Published online Mar 21, 2019. doi: 10.3748/wjg.v25.i11.1366
Peer-review started: November 12, 2018
First decision: December 28, 2018
Revised: January 30, 2019
Accepted: February 15, 2019
Article in press: February 15, 2019
Published online: March 21, 2019
Hepatitis C virus infection is considered one of the most widespread causes of chronic liver disease that results in cirrhosis, fibrosis together with portal hypertension, and hepatocellular carcinoma. When it is possible to diagnose early hepatic fibrosis, the therapy will be more effective in the reduction of hepatic decompensation and improvement of patient survival. Liver biopsy is considered the gold standard for early detection of hepatic fibrosis, but it is invasive and has many side effects. Multiple non-invasive laboratory and imaging modalities could be used in detection and quantification of hepatic fibrosis but have variable accuracy. The liver contains multiple micro-RNAs (miR) (21, 200b and 29b) that have been correlated to the presence and degree of hepatic fibrosis. Magnetic resonance imaging (MRI) with diffusion-weighted imaging and apparent diffusion coefficient (ADC) can also detect and are correlated with hepatic fibrosis.
Early detection and staging of hepatic fibrosis are of great value in treatment of chronic liver disease caused by hepatitis C virus. The available methods to detect and stage fibrosis are either invasive (like biopsy) or non-invasive (like laboratory and imaging), which is not accurate. The combination of serum markers of hepatic fibrosis (miR 21, 200b and 29b) together with MRI with diffusion-weighted imaging is a potential new dependable and non-invasive method to help in early detection and staging of hepatic fibrosis and cirrhosis.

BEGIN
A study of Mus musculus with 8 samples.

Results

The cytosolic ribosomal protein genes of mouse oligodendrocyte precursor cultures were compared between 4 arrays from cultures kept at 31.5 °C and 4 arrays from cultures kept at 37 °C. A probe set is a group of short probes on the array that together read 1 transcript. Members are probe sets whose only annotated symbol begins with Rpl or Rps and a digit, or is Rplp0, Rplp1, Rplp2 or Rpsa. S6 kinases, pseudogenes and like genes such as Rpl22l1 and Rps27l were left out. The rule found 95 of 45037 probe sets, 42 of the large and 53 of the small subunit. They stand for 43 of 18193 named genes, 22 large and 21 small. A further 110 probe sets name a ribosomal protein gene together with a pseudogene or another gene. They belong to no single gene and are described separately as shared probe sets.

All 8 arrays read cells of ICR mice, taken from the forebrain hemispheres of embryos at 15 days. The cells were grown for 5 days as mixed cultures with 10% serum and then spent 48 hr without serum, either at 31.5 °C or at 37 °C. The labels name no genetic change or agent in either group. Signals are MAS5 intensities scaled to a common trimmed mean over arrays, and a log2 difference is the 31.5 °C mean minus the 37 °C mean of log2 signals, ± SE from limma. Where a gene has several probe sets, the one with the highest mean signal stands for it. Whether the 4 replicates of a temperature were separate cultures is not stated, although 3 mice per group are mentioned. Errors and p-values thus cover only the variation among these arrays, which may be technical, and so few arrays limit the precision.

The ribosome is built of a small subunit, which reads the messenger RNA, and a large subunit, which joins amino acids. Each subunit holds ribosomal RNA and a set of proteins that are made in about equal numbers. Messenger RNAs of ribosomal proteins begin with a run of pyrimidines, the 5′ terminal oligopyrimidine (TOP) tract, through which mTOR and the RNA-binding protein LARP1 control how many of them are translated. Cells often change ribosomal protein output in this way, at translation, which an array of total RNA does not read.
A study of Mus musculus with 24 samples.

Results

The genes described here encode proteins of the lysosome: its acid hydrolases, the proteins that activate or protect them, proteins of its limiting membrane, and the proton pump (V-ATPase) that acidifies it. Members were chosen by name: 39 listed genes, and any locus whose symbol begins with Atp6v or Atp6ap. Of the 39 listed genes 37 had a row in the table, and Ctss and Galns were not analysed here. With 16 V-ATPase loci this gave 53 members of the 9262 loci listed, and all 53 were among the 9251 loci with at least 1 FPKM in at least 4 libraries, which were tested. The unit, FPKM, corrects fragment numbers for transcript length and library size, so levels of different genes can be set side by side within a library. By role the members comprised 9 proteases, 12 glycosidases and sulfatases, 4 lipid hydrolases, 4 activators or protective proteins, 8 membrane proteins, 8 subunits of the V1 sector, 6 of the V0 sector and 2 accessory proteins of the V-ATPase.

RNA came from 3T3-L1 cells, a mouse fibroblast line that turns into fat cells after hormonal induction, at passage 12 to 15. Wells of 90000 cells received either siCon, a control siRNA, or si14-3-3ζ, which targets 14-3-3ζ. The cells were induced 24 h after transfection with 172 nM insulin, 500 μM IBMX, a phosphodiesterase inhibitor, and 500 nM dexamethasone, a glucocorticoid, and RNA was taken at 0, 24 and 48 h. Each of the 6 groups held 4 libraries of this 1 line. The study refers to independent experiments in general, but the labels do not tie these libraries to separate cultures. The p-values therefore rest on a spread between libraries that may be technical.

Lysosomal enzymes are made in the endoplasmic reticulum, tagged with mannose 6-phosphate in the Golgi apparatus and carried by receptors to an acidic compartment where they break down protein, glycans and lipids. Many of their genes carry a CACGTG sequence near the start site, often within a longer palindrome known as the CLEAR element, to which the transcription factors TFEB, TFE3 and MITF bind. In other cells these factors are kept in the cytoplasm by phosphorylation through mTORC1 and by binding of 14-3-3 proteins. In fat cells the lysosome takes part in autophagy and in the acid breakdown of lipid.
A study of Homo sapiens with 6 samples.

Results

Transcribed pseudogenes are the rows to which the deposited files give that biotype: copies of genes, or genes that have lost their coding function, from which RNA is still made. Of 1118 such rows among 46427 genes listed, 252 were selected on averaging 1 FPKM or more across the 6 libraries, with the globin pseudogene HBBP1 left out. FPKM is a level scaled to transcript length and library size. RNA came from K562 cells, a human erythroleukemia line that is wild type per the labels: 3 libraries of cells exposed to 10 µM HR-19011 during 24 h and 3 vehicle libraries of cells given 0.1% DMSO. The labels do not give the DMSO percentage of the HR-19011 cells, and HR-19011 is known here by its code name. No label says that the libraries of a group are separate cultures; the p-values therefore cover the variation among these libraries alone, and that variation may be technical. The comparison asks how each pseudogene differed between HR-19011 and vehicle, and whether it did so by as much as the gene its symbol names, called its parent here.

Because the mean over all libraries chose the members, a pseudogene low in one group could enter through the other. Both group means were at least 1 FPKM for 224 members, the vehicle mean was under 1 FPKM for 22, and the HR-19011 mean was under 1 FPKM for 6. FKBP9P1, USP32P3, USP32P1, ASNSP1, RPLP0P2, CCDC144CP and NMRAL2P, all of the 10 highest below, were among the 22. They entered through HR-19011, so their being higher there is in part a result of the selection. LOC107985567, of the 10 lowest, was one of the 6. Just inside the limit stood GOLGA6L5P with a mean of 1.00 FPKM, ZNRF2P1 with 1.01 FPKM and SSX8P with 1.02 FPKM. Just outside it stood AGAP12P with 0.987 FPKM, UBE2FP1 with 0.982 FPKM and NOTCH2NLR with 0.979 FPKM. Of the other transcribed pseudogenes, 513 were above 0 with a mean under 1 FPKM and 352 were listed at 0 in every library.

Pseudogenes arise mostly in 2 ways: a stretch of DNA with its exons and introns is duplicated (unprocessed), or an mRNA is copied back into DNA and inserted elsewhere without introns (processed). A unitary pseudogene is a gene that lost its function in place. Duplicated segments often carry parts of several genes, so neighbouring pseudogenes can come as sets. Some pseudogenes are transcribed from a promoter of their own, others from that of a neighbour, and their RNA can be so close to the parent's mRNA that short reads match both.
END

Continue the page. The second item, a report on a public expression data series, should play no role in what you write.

In this prospective study, we evaluated the role of combining ADC and miR (21, 200b and 29b) as an alternative non-invasive tool for detection and staging of hepatic fibrosis in patients with chronic hepatitis C viral infection.
From October 2012 to December 2015, 215 consecutive patients with histopathological evidence of chronic hepatitis C virus cirrhosis were included in our study. Seven cases were excluded, so the final number of the study patients was 208. Diffusion-weighted MRI (DWI) together with hepatitis C serum markers and serum miR (21, 200b and 29b) were performed for all patients. The MRI and laboratory results were compared with that of the control group containing 82 normal volunteers and with the results of liver biopsy histopathological examination.
In the current study, it was found that there was a significant decrease in ADC values in patients with early hepatic fibrosis and late fibrosis when compared to controls. Combining ADC results and miR data (200b, 21 and 29b) provided a highly sensitive, specific, and accurate tool to differentiate patients with hepatic fibrosis from normal control patients. This tool was best at differentiating patients from controls, with and accuracy of 96.9% and had an accuracy of 80.2% for differentiating early from late fibrosis.
Combination of ADC and miR (21, 200b and 29b) is considered a safe, easy, and non-invasive tool in the detection and staging of hepatic fibrosis resulting from chronic hepatitis C viral infection.
Combining imaging and laboratory results in detection and staging of hepatic fibrosis resulting from chronic hepatitis C virus infection is a valuable method because it is easy and non-invasive. However, a study with more patients will generate more accurate results. Also, use of advanced MRI machines with advanced post processing technology like diffusion tensor and diffusion kurtosis will improve the effectiveness and power of our findings.